Your body’s arteries and veins are superhighway system designed to transport oxygen-rich blood from your heart to the rest of your body. They then carry oxygen-depleted blood back from your body to your heart. Normally, this system runs smoothly, but sometimes you can develop a bottleneck called a blood clot.
Clots can form in many different parts of your body, from your legs to your heart and lungs. They also can break away and travel through your bloodstream.
Here’s how blood clots form, why they can be dangerous, and how to avoid getting them.
What Are Blood Clots?
Blood clots are solid clumps that form in the blood. They serve the useful purpose of preventing you from bleeding too much when you hurt yourself. Sometimes, a blood clot can form inside a vein or artery when you haven’t been injured. These types of clots can be dangerous because they can form a blockage. They’re especially dangerous if they break off and travel to your brain or lungs.
How Do Blood Clots Form?
When you get a cut that’s deep enough to pierce a blood vessel wall, blood cells called platelets rush to the opening. Proteins in the liquid part of your blood, or plasma, make the platelets stick to the hole. The proteins and platelets form a sticky plug that stops the blood from flowing out. After your body heals the wound, it dissolves the clot.
You also can get blood clots if you have a disease that makes your body produce too many red blood cells or platelets. This is also referred to as a “hypercoagulable state.” Other diseases can prevent your body from breaking down blood clots properly when you no longer need them. Damage to the heart or blood vessels can affect blood flow and make clots more likely to form.
Who Is at Risk for Blood Clots?
You’re more likely to get blood clots if you have one of these conditions:
- In atherosclerosis, or “hardening of the arteries”, a waxy substance called plaque builds up in your arteries. If the plaque bursts open, platelets rush to the scene to heal the injury, forming a blood clot.
- People with diabetes are more likely to have plaque buildup in their arteries.
- In heart failure, damage to the heart prevents it from pumping as efficiently as it should. Blood flow slows, and clots are more likely to form in the sluggish blood.
- People who are overweight or obese are more likely to have plaque in their arteries.
- In vasculitis, blood vessels swell and become damaged. Clots can form in the injured areas.
- If you have an irregular heartbeat, your heart beats in an uncoordinated way. This can cause blood to pool and form clots.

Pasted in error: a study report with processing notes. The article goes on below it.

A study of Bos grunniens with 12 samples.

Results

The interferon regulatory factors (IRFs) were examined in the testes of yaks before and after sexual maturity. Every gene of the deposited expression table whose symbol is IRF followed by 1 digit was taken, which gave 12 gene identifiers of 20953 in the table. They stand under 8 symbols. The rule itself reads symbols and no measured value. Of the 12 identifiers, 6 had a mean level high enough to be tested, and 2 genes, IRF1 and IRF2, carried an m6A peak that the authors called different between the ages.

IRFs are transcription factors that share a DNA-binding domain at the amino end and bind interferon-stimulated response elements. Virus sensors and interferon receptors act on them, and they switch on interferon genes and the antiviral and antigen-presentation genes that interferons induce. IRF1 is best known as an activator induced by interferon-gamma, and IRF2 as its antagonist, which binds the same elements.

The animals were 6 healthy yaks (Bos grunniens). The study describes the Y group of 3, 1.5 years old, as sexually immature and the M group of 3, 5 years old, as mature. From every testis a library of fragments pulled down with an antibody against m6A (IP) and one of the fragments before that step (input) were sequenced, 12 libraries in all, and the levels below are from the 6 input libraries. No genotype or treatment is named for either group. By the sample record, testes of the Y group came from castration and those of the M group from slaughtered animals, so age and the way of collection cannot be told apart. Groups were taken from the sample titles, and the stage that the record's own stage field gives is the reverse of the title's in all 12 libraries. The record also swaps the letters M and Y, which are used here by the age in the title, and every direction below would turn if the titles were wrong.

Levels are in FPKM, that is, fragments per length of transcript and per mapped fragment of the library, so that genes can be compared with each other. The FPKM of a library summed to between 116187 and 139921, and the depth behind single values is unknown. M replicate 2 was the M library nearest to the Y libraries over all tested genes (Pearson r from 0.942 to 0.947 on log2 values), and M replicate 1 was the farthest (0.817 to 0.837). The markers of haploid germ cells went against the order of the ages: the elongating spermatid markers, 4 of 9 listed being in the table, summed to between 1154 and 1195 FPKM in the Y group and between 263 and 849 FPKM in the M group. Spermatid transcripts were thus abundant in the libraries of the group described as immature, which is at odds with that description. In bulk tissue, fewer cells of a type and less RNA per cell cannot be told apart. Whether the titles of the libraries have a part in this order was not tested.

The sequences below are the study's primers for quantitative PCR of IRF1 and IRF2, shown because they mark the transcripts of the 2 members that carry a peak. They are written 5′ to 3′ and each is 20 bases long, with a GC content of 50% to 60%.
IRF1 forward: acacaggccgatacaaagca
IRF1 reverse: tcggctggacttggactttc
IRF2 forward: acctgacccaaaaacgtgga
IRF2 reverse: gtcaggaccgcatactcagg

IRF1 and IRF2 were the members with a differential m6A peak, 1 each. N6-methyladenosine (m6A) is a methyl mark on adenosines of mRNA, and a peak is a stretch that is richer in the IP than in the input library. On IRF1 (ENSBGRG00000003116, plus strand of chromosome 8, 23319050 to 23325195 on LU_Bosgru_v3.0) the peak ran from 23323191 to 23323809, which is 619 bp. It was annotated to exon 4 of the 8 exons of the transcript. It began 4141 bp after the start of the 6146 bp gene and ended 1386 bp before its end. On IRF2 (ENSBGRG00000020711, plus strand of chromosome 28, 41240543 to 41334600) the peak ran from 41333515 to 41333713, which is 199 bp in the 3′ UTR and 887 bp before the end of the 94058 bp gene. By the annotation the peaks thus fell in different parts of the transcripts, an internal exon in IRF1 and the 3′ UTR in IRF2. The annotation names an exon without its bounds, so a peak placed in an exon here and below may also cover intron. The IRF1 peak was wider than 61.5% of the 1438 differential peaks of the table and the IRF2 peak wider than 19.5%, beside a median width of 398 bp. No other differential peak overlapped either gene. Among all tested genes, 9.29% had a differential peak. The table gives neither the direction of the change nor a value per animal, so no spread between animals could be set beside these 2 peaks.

Being immobile, or not moving for a long period of time, is another risk factor. Immobility is common after surgery, but extended air or car travel can also lead to immobility. When you’re immobile, your blood flow can slow down, which can cause your blood to clot. If you’re traveling, stand up and move around regularly. If you’re going to have surgery, talk to your doctor about ways you can reduce your risk for blood clots.
Pregnancy also increases your risk for blood clots. As your pregnancy progresses, your growing uterus can compress your veins. That can slow down blood flow, especially to your legs. A decrease in blood flow to your legs can lead to deep vein thromboembolism (DVT), which is a serious form of blood clot.
Additionally, as your body prepares for delivery, your blood begins to clot more easily. Clotting is important following childbirth as it will help prevent the loss of too much blood, but it can also increase your chances of blood clots prior to delivery of your baby. Moving around and staying hydrated can help prevent clots during pregnancy.
Where Can Blood Clots Form in Your Body?
Blood clots can form in many different parts of the body. Sometimes, clots can break off and travel through the bloodstream from one body part to another.
Clots can be found in the:
Some clots form in small veins near the surface of the skin. Others develop in deeper veins.
Why Are Blood Clots so Dangerous?
Clots that form in small veins usually aren’t very serious. Ones that form in deep veins can travel to other parts of your body and cause a life-threatening blockage.
- A DVT is a clot that forms in a deep vein, usually in the leg.
- Pulmonary embolism (PE) happens when a clot breaks off and travels to the lungs. PE can block blood flow in the lung and make it difficult to breathe.
- A blood clot in your heart can cause a heart attack.
- A clot that travels to your brain can cause a stroke.
What Are the Symptoms of a Blood Clot?
Your symptoms will depend on where the clot is in your body.
|Leg (DVT)||Swelling, redness, pain, warmth, calf tenderness|
|Lung (PE)||Shortness of breath, chest pain that gets worse when you breathe, coughing, fast heartbeat, cough that might bring up bloody phlegm|
|Heart (heart attack)||Chest pain or heaviness, shortness of breath, left arm numbness, lightheadedness, nausea, sweating|
|Brain (stroke)||Trouble speaking, sudden and severe headache, loss of vision, dizziness, weakness in the face or limbs|
|Abdomen||Severe abdominal pain, vomiting, diarrhea|
How to Avoid a Blood Clot
Follow these tips to avoid getting a blood clot:
- Don’t sit for long periods of time. If you’re on a long flight or stuck in bed after surgery, try to get up every hour or so to move around, if possible. Staying active will prevent blood from pooling in your legs and forming a clot.
- If you’re overweight, lose weight. People who are overweight are at greater risk for plaque in the arteries that leads to blood clots.
- Control diabetes and heart disease. These conditions can increase blood clot risk.
- Don’t smoke. The chemicals in cigarettes damage blood vessels and make platelets more likely to clump together.
- Drink a lot of water. Having too little fluid in your body makes your blood thicker.
If you’re concerned about your risk for blood clots or would like more information, speak with your doctor.